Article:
Accused Madam Anna Gristina Pleads Guilty

Prosecutors say Anna Gristina peddled prostitutes for 15 years and claimed law-enforcement connections

The suburban mother of four accused of running an upscale escort service in Manhattan has pleaded guilty in Manhattan Criminal Court Tuesday.

Anna Gristina, 44, of Monroe, N.Y., pleaded guilty to a single count of promoting prostitution, stemming from a July 2011 tryst she allegedly arranged involving two women and an undercover officer posing as a client. 

Besieged by reporters outside the courthouse, Gristina said she felt "better" after the plea deal, and that she was "stunned." 

Her husband Kelvin Gorr told NBC 4 New York, "I'm very pleased with the decision. I'm not gonna go to Disney World, but I'm still very happy." 

Gristina will be ordered to serve five years of probation when she's sentenced on Nov. 20. The four months she's already spent behind bars will count toward the jail portion of her sentence, and she won't have to serve any additional time. 

The judge warned Gristina, a legal U.S .resident from Scotland, she could be subject to deportation.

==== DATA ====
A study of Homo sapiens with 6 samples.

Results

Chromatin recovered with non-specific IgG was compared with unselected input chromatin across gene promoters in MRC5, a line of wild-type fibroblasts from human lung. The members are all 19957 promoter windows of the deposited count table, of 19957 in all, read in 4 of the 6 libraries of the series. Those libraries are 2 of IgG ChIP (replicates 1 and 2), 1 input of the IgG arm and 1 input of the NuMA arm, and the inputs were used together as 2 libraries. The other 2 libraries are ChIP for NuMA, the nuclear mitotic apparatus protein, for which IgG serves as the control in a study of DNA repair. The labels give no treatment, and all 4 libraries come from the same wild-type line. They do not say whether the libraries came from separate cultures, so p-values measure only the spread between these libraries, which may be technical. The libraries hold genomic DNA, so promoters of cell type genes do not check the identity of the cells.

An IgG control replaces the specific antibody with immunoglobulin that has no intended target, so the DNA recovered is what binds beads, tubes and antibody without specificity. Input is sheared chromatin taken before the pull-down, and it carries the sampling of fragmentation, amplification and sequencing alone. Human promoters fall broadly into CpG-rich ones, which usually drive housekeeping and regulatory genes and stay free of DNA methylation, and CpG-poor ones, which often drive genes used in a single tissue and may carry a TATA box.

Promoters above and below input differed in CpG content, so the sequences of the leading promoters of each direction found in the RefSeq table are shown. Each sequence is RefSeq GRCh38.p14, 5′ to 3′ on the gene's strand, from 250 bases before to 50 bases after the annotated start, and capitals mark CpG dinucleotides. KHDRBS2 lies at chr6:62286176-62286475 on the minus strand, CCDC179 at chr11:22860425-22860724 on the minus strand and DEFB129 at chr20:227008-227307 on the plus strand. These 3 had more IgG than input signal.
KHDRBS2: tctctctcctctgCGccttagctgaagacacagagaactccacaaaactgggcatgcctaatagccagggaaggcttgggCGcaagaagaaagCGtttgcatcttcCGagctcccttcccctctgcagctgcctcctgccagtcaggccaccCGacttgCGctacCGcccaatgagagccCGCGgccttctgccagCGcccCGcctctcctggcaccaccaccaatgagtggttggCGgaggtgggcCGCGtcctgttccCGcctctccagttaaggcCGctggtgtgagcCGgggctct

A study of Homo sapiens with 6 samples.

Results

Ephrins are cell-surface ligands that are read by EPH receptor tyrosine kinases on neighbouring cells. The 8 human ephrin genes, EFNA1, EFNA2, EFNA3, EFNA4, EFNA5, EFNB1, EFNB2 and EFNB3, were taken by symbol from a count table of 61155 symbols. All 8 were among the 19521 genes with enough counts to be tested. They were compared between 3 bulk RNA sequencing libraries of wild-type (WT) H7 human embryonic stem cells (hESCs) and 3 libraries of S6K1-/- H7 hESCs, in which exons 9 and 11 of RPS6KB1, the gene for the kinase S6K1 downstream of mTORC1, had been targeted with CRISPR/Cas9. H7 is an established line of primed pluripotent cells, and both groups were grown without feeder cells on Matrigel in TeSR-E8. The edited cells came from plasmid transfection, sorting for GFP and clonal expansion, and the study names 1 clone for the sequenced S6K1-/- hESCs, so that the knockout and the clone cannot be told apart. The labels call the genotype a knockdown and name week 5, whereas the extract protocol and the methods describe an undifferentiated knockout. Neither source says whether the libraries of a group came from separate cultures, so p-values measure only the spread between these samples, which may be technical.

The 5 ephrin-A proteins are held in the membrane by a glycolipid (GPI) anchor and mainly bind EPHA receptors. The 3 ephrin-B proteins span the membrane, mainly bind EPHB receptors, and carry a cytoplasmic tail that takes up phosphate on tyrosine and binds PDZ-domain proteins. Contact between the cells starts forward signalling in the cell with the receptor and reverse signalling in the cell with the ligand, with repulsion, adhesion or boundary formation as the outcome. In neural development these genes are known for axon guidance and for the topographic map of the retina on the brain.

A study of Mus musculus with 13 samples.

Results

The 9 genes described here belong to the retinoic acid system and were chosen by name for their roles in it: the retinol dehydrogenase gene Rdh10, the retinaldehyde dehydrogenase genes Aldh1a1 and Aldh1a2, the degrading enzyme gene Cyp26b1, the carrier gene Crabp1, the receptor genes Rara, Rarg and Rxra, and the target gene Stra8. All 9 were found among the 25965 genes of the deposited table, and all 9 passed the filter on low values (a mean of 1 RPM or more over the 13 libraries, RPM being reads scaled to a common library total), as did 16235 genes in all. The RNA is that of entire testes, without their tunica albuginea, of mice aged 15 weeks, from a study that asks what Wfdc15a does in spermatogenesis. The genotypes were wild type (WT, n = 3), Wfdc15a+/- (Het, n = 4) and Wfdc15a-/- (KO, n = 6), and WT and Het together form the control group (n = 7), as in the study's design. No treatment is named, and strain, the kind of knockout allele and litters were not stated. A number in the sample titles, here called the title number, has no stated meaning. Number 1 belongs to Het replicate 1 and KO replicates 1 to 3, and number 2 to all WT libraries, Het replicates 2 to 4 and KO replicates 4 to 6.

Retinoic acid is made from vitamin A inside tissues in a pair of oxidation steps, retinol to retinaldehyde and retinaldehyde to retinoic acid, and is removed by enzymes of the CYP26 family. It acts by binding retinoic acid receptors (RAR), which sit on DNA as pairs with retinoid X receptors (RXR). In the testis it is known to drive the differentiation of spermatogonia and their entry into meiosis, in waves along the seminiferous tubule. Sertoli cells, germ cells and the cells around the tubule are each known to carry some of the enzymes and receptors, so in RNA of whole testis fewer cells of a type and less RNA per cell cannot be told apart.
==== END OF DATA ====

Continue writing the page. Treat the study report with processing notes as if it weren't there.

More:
Gristina was briefly reprimanded by the judge for bringing her young son to court Tuesday.

"I am not happy that Ms. Gristina's young child is in the courtroom today," the judge said. "It's not appropriate. I don't see the purpose in it. I don't see the benefits in exposing him to this." 

Prosecutors said their 5-year investigation revealed Gristina had a roster of wealthy, well-placed clients and boasted of law-enforcement connections during 15 years in a business that made her millions.

She has maintained she was merely starting a dating service. 

Former federal prosecutor Brad Simon, who had no involvement in the case, speculated prosecutors in Gristina's case were "disappointed if not embarassed."

"With all the fanfare about this case, at the end of the day, there doesn't appear to have been very much there at all," he said. 

Gristina was arrested Feb. 22 and was held for months on $2 million bond. An appeals court in June called the amount "unreasonable and an abuse of discretion" and lowered it. 

She was released on $250,000 bond in June after four months behind bars. 

Gristina's lawyer unsuccessfully tried to have the case thrown out in August, arguing that the DA's office "vindictively prosecuted her as a result of her failure to cooperate with investigators" during what he called an illegal interrogation.

The DA's office countered in court papers that Gristina "has not produced a shred of evidence of actual vindictiveness."

Jaynie Baker, accused of assisting Gristina as a matchmaking recruiter, struck a deal with prosecutors in August.